American Petroleum Institute CEO Jack Gerard laid out high expectations for the Trump administration and congressional Republicans on Wednesday, but also expressed concern over House Republicans’ tax reform plan.
The plan proposed by House Speaker Paul Ryan (R-Wis.) and House Ways & Means Chairman Kevin Brady (R-Texas) would tax imports and provide a tax exemption for exports. Brady said in a December statement that the tax plan “helps level the playing field for exports and imports.”
Gerard said API is expressing concerns to members of both parties about that proposal, though the group says it hasn’t taken a clear stance for or against the measure. Gerard, who was speaking Wednesday at API’s annual State of American Energy event, said the group is conducting an analysis to determine what the tax plan’s overall effect would be.
The tax plan would encourage exports over imports. On one hand, that jibes with some of API’s top priorities, such as increasing crude oil and liquefied natural gas exports. On the other hand, Gerard said it disadvantages companies that import crude oil and refine it in the U.S., which creates domestic jobs.
The tax plan has also drawn criticism from Charles and David Koch, who warned in December of “devastating” effects on the economy. Like the Kochs, Gerard expressed a broadly pro-trade outlook on Wednesday.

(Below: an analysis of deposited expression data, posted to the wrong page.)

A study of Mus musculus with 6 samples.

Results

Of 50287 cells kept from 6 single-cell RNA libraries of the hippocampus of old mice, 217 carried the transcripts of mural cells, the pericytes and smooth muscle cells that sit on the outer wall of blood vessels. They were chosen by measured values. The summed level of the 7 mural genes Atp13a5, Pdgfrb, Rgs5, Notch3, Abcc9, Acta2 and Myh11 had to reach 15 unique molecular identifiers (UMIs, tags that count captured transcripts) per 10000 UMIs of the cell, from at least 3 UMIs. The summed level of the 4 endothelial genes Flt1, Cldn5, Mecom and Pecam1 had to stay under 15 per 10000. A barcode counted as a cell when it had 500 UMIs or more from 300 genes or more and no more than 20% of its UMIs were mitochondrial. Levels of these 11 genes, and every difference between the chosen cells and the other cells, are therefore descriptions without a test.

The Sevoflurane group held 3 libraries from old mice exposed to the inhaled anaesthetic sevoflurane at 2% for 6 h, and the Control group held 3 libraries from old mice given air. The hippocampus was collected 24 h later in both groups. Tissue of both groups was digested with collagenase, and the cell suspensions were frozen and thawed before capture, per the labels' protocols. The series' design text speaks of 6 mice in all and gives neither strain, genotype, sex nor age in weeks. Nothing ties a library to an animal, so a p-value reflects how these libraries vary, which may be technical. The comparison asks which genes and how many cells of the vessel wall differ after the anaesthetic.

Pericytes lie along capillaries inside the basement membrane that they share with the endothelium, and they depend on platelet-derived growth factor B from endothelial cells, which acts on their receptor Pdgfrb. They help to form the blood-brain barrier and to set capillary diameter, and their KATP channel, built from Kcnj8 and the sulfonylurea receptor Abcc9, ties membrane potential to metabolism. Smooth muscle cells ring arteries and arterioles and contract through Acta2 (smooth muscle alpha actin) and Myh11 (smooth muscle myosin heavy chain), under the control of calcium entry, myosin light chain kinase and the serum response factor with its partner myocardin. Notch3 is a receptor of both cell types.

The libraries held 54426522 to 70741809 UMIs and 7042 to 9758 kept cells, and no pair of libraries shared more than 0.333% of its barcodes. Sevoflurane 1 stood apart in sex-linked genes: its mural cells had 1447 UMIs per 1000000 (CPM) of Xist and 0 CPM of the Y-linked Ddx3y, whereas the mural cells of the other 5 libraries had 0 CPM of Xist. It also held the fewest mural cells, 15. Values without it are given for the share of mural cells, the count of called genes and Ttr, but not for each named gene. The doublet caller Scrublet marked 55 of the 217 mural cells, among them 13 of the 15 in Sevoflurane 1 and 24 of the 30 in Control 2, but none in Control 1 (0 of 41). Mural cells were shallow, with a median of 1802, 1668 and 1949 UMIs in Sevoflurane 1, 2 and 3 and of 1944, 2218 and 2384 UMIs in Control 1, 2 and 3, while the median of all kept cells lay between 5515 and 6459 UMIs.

“We’re all about free trade,” Gerard said. “We’re all about those opportunities.”
Aside from API’s concerns over the tax plan, the group is optimistic about Republican plans to rein in the Obama administration’s regulations on the oil and gas industry, Gerard said.
Overall, Gerard said API sees an opportunity in the next four years for Republicans to broadly change the way the federal government issues regulations. The group is supportive of the REINS Act, which would give Congress oversight of major executive actions, and the Midnight Rules Relief Act, which would allow Congress to pass bundles of resolutions blocking executive actions, Gerard said. The House is scheduled to vote on the Midnight Rules Relief Act on Wednesday.
Gerard also mentioned the possibility of reforming or repealing the Renewable Fuel Standard, and said Congress should “look at the regulatory regimes” such as the Endangered Species Act or the National Environmental Policy Act.
Collectively, those moves would significantly reduce the executive branch’s influence over energy and environmental issues.
“We’re supportive of those measures that say let’s get back to the people’s House,” Gerard said.
More specifically, Gerard criticized the Obama administration’s regulations limiting methane emissions from oil and gas systems and limiting venting and flaring of natural gas on public lands.
Gerard declined to talk specifically about the group’s stance on the Paris climate accord, other than to say that the private sector, particularly natural gas, has driven much of the U.S.’s reduction in greenhouse gas emissions. He said increasing liquefied natural gas exports could help other countries do the same.